7-Eleven parent to sell department store unit

Japanese retail giant Seven & i Holdings Co is in the final stages of arrangements to sell its department store unit Sogo & Seibu Co.

With convenience store unit Seven-Eleven Japan Co making the majority of Seven & i Holdings’ profits, Sogo & Seibu has become a burden on the group as it has been unable to weather a long-running crisis.

The company aims to begin negotiations this month with a buyer chosen from several candidates under consideration, with the sale expected to be in the range of 200 billion yen ($1.74 billion).

Seven&i acquired Sogo & Seibu’s predecessor, Millennium Retailing Inc, in 2006. The department store unit currently operates 10 outlets, including flagship Seibu Ikebukuro in Tokyo’s Toshima district and the Sogo store Yokohama.

However, the spread of online shopping and the impact of coronavirus-related restrictions on store opening hours have dealt a blow to the company’s already sluggish business performance.

Sogo & Seibu posted a loss of 17.2 billion yen in the fiscal year that ended in February 2021.

A major Seven&i shareholder urged the holding to focus on its core convenience store unit, with a view to offloading Sogo & Seibu and the Ito-Yokado supermarket chain.

When Seven&i acquired Millennium Retailing Inc, it cemented the company’s status as a major player in the Japanese retail industry, with convenience stores, supermarkets and department stores under its umbrella.

The department store chain was popular among shoppers, with branches at major stations in the Tokyo metropolitan area, including Seibu stores in Ikebukuro and Shibuya, and Sogo in Yokohama.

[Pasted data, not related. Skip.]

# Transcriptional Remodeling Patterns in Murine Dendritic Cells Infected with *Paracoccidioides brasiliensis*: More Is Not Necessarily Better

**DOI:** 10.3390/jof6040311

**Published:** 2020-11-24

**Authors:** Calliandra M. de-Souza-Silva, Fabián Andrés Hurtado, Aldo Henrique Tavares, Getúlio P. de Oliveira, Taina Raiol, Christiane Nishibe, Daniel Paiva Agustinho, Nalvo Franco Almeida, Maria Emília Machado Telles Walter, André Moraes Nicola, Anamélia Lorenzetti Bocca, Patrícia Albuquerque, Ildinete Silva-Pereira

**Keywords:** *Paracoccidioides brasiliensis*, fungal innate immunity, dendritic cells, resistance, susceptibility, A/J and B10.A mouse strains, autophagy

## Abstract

However, following the closure of several outlets, including Sogo stores in Osaka and Kobe, the chain currently operates only 10 branches nationwide, down from 28 in the fiscal year that ended in February. 2007.

The unit has struggled to implement the drastic measures needed to improve profitability, with the popularity of online shopping and the rise of retailers such as Uniqlo also affecting their ability to attract customers.

Sogo & Seibu launched the Seven Premium brand in cooperation with Seven-Eleven and Ito-Yokado, but this decision did not improve the company’s business performance.

While convenience stores and supermarkets continued to operate throughout the pandemic, department stores were forced to close or shorten their opening hours as they were seen as focal points of overcrowding.

Following tight border restrictions, department stores have also been hit by the disappearance of foreign visitors, who made up a significant portion of department store profits before the pandemic.

Last month, US investment fund ValueAct Capital sent a letter to Seven&i, asking it to focus on its convenience store business.

The Japanese retail giant is expected to face tough negotiations with buyers over issues such as unit value and the fate of current Sogo & Seibu employees.